Sierra-Arévalo's current research focuses on policing in the United States and employs ethnographic observations and interviews across three urban departments to investigate police culture and how it shapes police perception and practice on the street. Michael’s research interests also include gangs, firearms, social networks, and violence prevention. In addition to peer-reviewed research, he continues to work with practitioners to use data-driven approaches to enhance public safety. His research has appeared in Law & Society Review, Crime & Delinquency, Annual Review of Law and Social Science, and multiple edited volumes.
Michael holds a PhD in Sociology from Yale University and a BA in Sociology and Psychology from the University of Texas at Austin.
Learn more about Sierra-Arévalo on his personal website.
No Jargon Podcast
In the News
Uses ethnographic observations and unstructured interviews across three urban police departments to describe how the TASER affects officers' understanding and use of force in beneficial and unintended ways. Finds that officers understand and use the TASER as a device that can enhance safety for themselves and suspects, including in cases where the TASER is used in lieu of lethal force that officers believe would have been justified. Despite these benefits, understanding of the TASER as a safety-enhancing technology also influences the use of excessive force via TASER by young, inexperienced officers, ultimately contributing to the very problem TASERs were intended to ameliorate.
Details the implementation of a SNA program developed by the COPS Office in partnership with Yale University. Created as part of a violence prevention initiative in New Haven, Connecticut, the Project Longevity SNA program emphasizes the value of community collaboration when gathering critical information such as the location and membership of these groups. Noting that transparency and community involvement in data collection encourage community support, the report also describes the benefits of focused deterrence activities, thereby reducing arrests and increasing efficiency. In addition to a detailed introduction to SNA and the ways it can be adapted to community and law enforcement needs, this report provides examples of SNA strategies used in other cities and practical guidelines for implementation.
Traces the origins, development, and use of social network analysis in gang research and gang violence reduction strategies. Although early gang scholars intuitively recognized the networked nature of gangs and gang violence, such insights were not always leveraged by gang violence reduction efforts that became increasingly enforcement-centric throughout the twentieth century. This review describes these historical shifts, the recent advent of social network analysis in research and gang interventions, and future directions that research and interventions can take to develop a more victim-focused approach to gang violence reduction.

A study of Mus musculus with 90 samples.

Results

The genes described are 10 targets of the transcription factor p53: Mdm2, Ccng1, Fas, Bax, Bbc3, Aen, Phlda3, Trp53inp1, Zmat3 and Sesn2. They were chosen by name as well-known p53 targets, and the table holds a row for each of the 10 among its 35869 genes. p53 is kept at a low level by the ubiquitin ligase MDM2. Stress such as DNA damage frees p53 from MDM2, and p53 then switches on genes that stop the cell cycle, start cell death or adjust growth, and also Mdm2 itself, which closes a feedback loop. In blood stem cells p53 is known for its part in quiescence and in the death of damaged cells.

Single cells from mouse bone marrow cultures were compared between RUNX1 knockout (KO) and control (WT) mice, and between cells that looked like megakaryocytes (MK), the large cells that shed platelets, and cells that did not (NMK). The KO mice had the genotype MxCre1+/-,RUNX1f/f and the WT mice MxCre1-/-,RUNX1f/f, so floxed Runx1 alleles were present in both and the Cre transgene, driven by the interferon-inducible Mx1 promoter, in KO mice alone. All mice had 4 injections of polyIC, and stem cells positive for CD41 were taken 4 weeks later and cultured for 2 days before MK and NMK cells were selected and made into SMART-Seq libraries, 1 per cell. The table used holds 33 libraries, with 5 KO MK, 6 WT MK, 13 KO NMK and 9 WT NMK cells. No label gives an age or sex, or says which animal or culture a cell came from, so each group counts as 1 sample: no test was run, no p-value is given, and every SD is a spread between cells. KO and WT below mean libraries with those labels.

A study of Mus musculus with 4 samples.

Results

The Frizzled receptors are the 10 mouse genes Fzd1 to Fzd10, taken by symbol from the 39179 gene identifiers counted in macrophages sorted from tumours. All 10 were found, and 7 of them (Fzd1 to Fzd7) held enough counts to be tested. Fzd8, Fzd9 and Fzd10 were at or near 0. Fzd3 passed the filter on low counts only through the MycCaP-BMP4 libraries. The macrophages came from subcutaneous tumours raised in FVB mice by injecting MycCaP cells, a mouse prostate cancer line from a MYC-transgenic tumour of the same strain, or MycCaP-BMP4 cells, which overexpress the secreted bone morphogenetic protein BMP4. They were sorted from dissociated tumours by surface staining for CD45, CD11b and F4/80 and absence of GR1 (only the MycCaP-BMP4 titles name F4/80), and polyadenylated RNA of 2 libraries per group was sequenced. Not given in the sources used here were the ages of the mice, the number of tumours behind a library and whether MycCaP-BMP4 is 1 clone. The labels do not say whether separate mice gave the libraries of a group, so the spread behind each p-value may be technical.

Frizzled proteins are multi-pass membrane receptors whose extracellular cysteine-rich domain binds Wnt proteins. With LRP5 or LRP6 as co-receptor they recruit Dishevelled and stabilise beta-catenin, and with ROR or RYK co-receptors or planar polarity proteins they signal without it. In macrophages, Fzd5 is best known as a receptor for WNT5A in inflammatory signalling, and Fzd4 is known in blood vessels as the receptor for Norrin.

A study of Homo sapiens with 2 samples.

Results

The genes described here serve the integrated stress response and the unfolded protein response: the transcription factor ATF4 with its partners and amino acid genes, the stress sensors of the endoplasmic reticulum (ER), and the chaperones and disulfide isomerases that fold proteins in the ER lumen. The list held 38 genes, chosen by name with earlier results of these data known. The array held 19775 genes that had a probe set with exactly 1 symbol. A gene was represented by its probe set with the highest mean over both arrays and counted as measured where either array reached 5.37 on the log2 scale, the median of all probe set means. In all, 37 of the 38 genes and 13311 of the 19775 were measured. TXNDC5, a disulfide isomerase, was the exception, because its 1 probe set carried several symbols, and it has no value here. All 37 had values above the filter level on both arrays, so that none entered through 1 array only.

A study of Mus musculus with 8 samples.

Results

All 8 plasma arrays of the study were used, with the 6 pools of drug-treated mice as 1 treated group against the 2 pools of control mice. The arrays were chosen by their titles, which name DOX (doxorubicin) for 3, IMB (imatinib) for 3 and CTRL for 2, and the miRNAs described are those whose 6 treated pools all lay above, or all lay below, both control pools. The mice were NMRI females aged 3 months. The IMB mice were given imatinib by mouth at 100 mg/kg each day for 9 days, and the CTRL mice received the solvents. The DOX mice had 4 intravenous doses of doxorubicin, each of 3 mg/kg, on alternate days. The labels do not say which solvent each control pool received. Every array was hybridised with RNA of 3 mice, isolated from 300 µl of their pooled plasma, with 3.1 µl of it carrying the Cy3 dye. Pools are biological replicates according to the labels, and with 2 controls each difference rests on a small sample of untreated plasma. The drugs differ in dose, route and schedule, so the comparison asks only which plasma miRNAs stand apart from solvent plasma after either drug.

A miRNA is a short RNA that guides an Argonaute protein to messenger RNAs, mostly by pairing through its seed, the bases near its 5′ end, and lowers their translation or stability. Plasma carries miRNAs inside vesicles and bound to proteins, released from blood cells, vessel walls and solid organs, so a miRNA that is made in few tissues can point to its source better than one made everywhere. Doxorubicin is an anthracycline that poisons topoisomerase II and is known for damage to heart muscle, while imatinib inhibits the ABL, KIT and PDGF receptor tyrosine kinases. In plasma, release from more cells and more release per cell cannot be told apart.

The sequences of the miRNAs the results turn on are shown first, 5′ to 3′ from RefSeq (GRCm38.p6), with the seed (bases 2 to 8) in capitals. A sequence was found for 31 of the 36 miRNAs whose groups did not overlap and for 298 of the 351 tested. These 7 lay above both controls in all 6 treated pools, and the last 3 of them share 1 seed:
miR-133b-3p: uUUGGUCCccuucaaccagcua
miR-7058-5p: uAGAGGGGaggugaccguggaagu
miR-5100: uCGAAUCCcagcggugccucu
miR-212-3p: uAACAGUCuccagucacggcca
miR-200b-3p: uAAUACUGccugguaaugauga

Evaluates Project Longevity, a statewide focused deterrence gun violence reduction strategy begun in November 2012, in New Haven, Connecticut. The intervention brings law enforcement, social services, and community members together to meet with members of violent street groups at program call-ins. Using autoregressive integrated moving average models and controlling for the possibility of a non-New Haven–specific decline in gun violence, a decrease in group offending patterns, and the limitations of police-defined group member involved (GMI) categorization of shootings and homicides, the results of our analysis show that Longevity is associated with a reduction of almost five GMI incidents per month. These findings bolster research confirming the efficacy of focused deterrence approaches to reducing gun violence.
Draws on past work linking neighborhood violence to legal cynicism and uses data gathered by the Chicago Gun Project (CGP) to employ measures of police legitimacy to explore the effect of distrust of legal agents on protective gun ownership among active offenders in Chicago. Confirms that lower levels of police legitimacy are significantly related to a higher probability of acquiring a firearm for protection. Considers the ways that gang membership, legal changes in Chicago, and gun behaviors are related to protective gun ownership, as well as how community policing and procedural justice can improve perceptions of police and enhance their legitimacy, potentially reducing the incentives to engage in violent, extralegal “self-help” with a firearm.
Extends current applications of social network analysis to the study of gangs by offering a review of the current research, as well as suggesting some potentially fruitful lines of inquiry. Begins with a brief overview of key concepts and terminology in social network analysis, and moves into a more substantive discussion of the use of social network analysis in gang scholarship focusing on the network structure of gangs, group-level processes like cohesion and conflict, and applications of social network analysis to violence prevention work. Explains how social network analysis can augment the study of the geographic and social dimensions of gang space, and the new ways in which gangs are making use of virtual space.